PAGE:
I love studying offenses that run the football. I get that the spread offense and RPO packaged plays are all the rage in college and HS football, but a team that can pound the ball from 21 personnel is a beautiful thing to watch. One of my favorite teams to watch is Stanford (both for their style of offense and the fact that they are local).
One scheme I want to analyze here is their Stretch or Outside Zone Scheme. We run a ton of stretch from multiple personnel sets and do so very similarly to what Stanford does.
In the 3 examples below I am going to analyze Stanford is aligned in a basic Pro I formation. TE and WR to the left, one WR to the right. FB and RB (Christian McCaffrey or as i have dubbed him “C-Mac”) in the “I”.
The OL is going to work wide to the playside looking to reach defenders to their playside gap. If they step playside and have no threat they will work to climb up to LB level. On the playside, the TE always has the option to turn a defender out if they simply cannot reach him.
The FB is reading the block on the edge and is looking to either insert if the DE widens/comes upfield or work around him to the force player if the DE gives up the edge.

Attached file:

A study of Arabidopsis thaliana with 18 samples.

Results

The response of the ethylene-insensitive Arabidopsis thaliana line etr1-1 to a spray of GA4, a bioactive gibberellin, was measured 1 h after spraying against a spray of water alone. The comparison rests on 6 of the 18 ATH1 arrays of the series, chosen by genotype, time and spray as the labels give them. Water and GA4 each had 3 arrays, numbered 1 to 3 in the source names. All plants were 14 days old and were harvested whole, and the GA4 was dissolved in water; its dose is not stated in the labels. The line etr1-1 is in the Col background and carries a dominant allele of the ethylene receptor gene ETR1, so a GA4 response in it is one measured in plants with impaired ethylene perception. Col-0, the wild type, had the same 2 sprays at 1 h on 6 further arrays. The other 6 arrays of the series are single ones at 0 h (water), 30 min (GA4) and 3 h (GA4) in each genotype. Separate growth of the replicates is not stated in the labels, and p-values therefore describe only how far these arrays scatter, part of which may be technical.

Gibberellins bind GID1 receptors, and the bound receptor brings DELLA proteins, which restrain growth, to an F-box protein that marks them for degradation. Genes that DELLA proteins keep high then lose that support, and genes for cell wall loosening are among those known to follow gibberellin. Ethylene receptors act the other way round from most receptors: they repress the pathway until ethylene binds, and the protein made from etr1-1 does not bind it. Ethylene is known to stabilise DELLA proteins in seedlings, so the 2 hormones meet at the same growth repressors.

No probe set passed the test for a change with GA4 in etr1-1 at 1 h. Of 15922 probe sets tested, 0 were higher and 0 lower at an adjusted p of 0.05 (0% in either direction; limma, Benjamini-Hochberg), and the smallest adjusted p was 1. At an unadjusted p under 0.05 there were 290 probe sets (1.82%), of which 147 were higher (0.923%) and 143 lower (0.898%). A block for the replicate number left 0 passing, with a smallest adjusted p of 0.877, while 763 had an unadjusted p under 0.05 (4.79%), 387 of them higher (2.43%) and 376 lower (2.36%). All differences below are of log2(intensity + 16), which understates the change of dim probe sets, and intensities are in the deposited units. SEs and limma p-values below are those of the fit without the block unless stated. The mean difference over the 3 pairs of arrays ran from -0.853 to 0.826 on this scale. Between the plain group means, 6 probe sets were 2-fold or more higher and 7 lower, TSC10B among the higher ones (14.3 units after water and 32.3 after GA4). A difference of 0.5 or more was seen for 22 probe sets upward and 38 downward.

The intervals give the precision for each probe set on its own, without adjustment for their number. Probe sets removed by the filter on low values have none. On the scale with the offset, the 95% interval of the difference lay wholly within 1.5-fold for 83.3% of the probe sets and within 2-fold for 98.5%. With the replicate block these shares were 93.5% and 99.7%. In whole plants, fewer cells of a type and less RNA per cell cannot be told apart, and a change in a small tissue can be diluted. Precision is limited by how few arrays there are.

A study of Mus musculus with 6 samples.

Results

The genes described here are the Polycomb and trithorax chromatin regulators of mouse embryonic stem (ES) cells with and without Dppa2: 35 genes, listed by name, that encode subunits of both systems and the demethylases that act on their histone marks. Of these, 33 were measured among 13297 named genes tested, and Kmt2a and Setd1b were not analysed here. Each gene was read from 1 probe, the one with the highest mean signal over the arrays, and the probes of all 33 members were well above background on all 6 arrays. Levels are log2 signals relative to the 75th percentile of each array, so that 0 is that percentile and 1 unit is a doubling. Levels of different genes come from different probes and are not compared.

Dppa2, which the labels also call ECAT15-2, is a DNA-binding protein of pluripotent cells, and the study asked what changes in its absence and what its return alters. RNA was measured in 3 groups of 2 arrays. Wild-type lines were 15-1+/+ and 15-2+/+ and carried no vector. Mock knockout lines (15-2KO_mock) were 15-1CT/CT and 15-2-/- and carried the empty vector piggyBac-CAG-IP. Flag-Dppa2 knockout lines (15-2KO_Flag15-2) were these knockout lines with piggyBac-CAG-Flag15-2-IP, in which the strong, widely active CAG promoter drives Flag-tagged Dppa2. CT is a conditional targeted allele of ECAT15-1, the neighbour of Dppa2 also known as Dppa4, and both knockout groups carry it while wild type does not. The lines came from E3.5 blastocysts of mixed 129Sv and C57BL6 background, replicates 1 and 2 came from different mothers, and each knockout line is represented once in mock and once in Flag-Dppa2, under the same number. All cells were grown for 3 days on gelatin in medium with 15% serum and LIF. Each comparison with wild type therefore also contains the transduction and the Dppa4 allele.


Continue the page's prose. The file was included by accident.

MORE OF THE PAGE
The RB is reading it the same as the Fb. He will work a wide path to “stretch” the defense horizontally and look to make 1 vertical cut up the field and get going downhill.
Example 1 vs USC (i love this play near the goal line, the defense comes right to you)
Example 2 vs Iowa (DE widens, TE turns him. Fb inserts)
Example 3 vs Iowa (DE widens, TE turns him. FB inserts. Now defense flows more faster toward the play, opens up a huge Cutback lane after C-Max gets downhill through the LOS) Notice the great job backside OL guys do to stay engaged and work butt toward the sideline, giving C-Mac an alley.
I just love Stretch. it is safe against any defensive look you are going to see and it is a great combination (especially with a FB) of an outside run and a downhill run. It gets the defensive flow of an outside run, but using that FB to insert anywhere he sees the opening along the front, and the RB making one cut and getting downhill give the play a smash mouth feel.